Jon Stewart struck back against Senate Majority Leader Mitch McConnell after the lawmaker said the former "Daily Show" host wasover the 9/11 first responders bill. Stewart responded to the Kentucky Republican's comments during his appearance on "The Late Show with Stephen Colbert."
Afterpublicly shamed Congress at a House hearing last week, McConnell dismissed the comedian's efforts to secure funding for the 9/11 Victims Compensation Fund on Fox & Friends on Monday. "We have never failed to address this issue, and we will address it again." he said. "I don't know why he's all bent out of shape."
On Colbert's show hours later, Stewart emerged from underneath his friend's desk and took aim at McConnell. "No, Mitch McConnell, I am not bent out of shape!" he said. "I'm bent out of shape for them. These are the first heroes and veterans and victims of the great trillions of dollars war on terror. And they're currently still suffering and dying and in terrible need. You would think that would be enough to get Congress' attention? But apparently, it's not."
He also addressed McConnell's comment that Congress members typically have "a lot of things going on at the same time" when the GOP leader was asked about Stewart's frustration over missing seats during the committee hearing. McConnell said Stewart was "looking for some way to take offense."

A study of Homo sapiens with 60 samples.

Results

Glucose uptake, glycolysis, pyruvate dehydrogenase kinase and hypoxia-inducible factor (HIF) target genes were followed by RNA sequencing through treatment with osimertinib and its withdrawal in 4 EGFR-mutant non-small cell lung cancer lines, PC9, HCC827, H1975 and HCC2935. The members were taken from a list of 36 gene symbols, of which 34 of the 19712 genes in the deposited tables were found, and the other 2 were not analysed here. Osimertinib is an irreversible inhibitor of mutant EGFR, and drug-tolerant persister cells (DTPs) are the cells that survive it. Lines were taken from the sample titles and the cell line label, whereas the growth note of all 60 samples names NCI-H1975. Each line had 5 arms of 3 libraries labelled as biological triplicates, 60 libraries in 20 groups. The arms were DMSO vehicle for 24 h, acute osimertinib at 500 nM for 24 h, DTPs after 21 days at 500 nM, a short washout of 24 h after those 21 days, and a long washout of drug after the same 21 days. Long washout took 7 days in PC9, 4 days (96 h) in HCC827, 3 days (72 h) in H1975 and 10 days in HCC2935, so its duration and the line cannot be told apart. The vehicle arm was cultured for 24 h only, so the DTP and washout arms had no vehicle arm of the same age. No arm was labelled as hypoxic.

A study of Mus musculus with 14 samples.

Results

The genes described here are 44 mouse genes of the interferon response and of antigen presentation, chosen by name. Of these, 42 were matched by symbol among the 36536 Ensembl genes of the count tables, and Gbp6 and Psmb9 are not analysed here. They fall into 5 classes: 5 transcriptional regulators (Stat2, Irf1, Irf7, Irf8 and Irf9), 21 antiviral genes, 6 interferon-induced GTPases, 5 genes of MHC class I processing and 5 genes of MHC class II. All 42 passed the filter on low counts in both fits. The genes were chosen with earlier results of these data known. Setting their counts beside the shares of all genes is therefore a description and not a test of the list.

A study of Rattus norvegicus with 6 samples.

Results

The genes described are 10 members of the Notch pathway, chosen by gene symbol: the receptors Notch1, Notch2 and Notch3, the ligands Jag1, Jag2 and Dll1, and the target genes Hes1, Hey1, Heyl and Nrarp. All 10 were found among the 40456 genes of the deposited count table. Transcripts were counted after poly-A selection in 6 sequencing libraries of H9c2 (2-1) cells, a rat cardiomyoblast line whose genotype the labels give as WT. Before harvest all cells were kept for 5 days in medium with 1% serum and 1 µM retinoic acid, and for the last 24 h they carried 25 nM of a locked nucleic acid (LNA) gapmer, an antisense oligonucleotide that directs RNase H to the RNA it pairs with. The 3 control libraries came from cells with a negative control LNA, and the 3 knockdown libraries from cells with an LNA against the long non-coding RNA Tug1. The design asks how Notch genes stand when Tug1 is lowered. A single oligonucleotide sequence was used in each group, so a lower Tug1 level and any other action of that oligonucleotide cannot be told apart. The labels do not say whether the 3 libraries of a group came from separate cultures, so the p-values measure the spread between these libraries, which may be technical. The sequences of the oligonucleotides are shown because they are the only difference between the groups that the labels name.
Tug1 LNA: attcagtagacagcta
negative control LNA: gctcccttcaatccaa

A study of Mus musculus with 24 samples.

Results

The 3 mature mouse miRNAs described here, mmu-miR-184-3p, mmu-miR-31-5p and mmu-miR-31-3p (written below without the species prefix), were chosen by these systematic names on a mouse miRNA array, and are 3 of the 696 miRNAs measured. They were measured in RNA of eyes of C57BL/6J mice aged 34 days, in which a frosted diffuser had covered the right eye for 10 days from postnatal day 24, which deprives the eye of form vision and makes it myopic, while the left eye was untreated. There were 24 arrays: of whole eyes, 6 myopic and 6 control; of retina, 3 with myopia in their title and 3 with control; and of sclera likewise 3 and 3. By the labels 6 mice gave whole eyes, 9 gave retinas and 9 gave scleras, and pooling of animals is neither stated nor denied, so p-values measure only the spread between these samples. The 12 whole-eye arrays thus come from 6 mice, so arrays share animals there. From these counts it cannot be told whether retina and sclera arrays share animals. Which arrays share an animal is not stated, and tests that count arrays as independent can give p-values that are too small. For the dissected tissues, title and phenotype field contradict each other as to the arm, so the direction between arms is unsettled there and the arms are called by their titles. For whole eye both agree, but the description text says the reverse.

"I feel like an a*shole," Stewart said sarcastically. "This is a huge misunderstanding. I didn't know they were busy. I didn't mean to interrupt them with their jobs!"
Stewart pleaded with McConnell to reach out to first responders and survivors of the nation's worst terror attack -- and grant them a meeting in person promptly.
"So, if you want to know why the 9/11 community is bent out of shape over these past, let's call it 18 years," he said, "Meet with them, tomorrow, as soon as possible, and don't make them beg for it."
"I beg of you, meet with them tomorrow, but you know what?" he added. "If you're busy, I get it."
A day after Stewart's emotional testimony last week, the House Judiciary Committee unanimously voted to permanently reauthorize the fund, which is part of the larger James Zadroga 9/11 Health and Compensation Act. Now, the fund will go to a full House vote, and then it will be up for Senate approval. McConnell said in his Fox & Friends appearance that Congress has "never failed to deal with the issue" and "will address it again."
Stewart's recent face-off with Congress is hardly the first one. For almost a decade, he's tussled with lawmakers over the Zadroga Act and used the "Daily Show" to advocate for 9/11 first responders and victims.